Dyslexia involves difficulty in reading. In the first instance, children who suffer from this affliction have difficulty with learning to read accurately and freely, but dyslexia is also responsible for some spin-off problems too.
Dyslexia is one the most common problems affecting learning. Unfortunately, it’s not something that children simply grow out of – it is something people will carry through life with them.
No one is sure how many children have dyslexia
It is unclear how many children have dyslexia, but it is believed to be somewhere in the region of 5% to 10%, although another swathe of opinion put the proportion of children who experience reading difficulties at 17%. The disparity of opinion is down to the fact that the exact definition of dyslexia is interpreted in different ways by various experts.
Youngsters with the affliction may experience difficulties in answering questions about what they have read. If, however, someone else reads the same passage to them, a child with dyslexia will probably have no problem fielding the right answer.
What else does dyslexia affect?
It’s not just reading accurately and fluently that dyslexia interferes with; it affects children’s development in other ways, such as:
• Comprehension of what is read
• Difficulty with spelling
• Difficulty with writing
• It can also interfere with mathematics
There is a common misunderstanding that dyslexia is caused by the way the children actually see letters. People incorrectly think that dyslexic children see letters in reverse and that they also write back to front. This is not so.
Another popular misunderstanding is that dyslexia means that a child is less intelligent. Once again, this is wrong. Kids with dyslexia are just as bright as other children, and in fact, many youngsters with dyslexia grow up and have very successful careers. You may be surprised to hear that some well-known actors, business entrepreneurs and elected politicians are dyslexic.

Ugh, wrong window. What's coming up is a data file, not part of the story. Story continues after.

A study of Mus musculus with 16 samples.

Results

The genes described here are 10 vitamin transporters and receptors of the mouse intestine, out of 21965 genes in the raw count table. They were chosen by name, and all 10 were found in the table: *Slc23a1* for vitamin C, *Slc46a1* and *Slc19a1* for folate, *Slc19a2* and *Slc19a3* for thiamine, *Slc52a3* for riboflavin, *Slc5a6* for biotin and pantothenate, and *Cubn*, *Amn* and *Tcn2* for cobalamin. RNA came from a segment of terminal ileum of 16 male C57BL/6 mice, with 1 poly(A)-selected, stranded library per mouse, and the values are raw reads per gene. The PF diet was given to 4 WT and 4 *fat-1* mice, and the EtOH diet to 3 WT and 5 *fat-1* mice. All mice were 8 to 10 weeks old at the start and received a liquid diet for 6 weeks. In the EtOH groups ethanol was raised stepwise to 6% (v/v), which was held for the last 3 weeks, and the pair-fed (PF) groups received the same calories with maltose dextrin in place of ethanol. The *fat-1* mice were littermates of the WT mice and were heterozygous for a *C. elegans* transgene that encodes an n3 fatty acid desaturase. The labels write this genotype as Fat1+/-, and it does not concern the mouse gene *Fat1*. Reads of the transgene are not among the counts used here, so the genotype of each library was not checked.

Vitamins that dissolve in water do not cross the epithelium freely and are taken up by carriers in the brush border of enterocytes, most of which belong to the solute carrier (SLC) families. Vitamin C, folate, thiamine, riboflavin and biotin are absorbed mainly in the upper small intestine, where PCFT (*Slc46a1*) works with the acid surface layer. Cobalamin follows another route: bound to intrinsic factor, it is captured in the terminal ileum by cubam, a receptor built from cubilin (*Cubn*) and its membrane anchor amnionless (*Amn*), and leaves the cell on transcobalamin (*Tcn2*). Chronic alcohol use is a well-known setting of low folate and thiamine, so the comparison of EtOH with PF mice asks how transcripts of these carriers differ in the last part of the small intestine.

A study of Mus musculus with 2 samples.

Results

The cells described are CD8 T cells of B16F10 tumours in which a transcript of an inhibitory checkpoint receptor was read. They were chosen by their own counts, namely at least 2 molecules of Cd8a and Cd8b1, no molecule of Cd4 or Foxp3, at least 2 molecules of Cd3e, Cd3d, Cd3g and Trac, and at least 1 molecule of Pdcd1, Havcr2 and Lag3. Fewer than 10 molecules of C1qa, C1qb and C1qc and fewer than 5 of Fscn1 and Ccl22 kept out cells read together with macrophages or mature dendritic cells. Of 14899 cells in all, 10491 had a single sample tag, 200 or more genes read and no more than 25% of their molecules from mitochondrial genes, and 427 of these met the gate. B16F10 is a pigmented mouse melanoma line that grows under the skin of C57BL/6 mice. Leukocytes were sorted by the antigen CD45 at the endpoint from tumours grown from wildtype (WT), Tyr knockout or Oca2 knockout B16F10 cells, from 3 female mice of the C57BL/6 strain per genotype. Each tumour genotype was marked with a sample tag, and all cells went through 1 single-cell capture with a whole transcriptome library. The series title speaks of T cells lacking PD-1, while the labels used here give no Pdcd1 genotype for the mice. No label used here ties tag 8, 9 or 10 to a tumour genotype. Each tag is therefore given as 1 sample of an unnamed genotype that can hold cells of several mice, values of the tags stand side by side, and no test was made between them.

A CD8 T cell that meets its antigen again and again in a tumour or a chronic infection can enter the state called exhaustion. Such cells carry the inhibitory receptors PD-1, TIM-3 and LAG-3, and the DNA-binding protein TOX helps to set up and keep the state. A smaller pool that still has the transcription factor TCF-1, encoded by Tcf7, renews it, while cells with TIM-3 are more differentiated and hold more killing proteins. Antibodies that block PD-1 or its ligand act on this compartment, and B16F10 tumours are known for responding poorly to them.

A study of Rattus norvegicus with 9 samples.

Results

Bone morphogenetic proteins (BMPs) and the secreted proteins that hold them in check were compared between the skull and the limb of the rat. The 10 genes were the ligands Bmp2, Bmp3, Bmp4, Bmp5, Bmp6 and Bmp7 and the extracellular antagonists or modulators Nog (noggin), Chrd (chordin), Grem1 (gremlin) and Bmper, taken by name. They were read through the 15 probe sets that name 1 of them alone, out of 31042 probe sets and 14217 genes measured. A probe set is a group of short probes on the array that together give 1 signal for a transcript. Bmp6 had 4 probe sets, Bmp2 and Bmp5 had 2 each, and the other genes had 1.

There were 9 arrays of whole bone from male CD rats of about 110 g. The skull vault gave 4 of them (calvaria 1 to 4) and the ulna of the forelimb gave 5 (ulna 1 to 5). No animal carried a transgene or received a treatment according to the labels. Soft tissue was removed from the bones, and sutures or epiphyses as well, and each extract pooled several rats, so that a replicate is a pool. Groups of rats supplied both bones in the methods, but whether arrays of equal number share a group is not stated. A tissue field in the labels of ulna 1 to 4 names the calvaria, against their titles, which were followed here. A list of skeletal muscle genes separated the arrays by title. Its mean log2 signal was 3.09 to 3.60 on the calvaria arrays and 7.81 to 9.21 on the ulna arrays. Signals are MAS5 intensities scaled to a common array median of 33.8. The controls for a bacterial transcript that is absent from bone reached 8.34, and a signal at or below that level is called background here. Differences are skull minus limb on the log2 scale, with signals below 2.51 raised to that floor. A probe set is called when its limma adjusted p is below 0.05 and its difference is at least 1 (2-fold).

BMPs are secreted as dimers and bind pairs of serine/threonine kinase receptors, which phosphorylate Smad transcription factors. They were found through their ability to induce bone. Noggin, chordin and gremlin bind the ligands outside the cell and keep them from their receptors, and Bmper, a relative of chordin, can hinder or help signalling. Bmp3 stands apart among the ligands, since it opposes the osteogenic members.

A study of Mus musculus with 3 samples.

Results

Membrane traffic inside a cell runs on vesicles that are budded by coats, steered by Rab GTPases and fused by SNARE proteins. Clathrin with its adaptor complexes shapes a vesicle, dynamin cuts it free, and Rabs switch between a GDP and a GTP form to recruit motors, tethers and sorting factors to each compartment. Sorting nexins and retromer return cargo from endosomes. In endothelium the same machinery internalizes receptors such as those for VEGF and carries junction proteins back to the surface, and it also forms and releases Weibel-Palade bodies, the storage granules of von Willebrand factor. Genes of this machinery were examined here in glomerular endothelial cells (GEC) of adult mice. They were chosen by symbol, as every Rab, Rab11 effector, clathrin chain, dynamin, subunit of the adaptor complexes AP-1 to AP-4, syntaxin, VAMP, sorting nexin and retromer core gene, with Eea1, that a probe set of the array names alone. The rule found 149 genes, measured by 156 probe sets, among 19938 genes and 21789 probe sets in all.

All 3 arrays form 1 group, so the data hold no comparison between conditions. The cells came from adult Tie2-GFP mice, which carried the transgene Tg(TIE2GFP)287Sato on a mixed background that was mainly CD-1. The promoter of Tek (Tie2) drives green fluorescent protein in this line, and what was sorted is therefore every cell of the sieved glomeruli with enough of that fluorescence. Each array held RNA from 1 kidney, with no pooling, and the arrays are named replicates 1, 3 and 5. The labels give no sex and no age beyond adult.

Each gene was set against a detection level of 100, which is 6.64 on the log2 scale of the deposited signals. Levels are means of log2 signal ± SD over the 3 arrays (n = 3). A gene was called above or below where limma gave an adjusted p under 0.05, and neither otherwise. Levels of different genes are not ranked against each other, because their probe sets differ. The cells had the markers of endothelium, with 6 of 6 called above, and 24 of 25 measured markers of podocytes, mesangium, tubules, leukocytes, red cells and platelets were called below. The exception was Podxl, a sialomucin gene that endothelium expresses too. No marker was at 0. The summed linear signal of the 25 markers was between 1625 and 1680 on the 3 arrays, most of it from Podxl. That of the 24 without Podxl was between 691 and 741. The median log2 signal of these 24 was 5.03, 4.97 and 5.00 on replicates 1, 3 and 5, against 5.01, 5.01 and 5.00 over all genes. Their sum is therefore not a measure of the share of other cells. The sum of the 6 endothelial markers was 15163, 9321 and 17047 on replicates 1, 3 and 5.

Although there is no magical cure for dyslexia, there are “treatments” in the form of support groups and different schooling approaches and strategies. These can all help a child to overcome the challenges brought about by dyslexia.
Other problems associated with dyslexia
A child’s development can also be hindered in other ways. Although these are not conditions of dyslexia, they can often co-exist with it. It is why it is so important to have your child fully evaluated.
• ADHD affects a child’s ability to remain focused when reading or engaging in other forms of learning.
• Some children and adults have executive functioning problems. This includes things such as organising, memorising and thinking in a flexible way.
• Another associated problem is with brain processing speed. As well as interfering with reading, this means children respond more slowly to information and instructions.
• Some children develop a condition called auditory processing disorder (APD). This results in the child not being able to separate the sounds he/she hears. It means that children with APD may not hear letter sounds correctly and they may have difficulty with articulating new words.
• Dyslexic children sometimes have visual processing difficulties. These youngsters may find that letters and words look blurred and that they move around against their background.
• There is also an associated condition known as dysgraphia. This interferes with a youngster’s ability not only to spell but to write numbers and letters down.
• Some children have difficulty with maths. This may relate to a condition known as dyscalculia, which affects the reading of numbers and makes counting difficult.
Between dyslexia and the other associated conditions, a child’s development will be profoundly affected. Any child with these difficulties will need skilful, informed parenting and specialist schooling. Fortunately, the Scanmarker Digital Highlighter can be used to help children with learning difficulties like dyslexia – find out more today!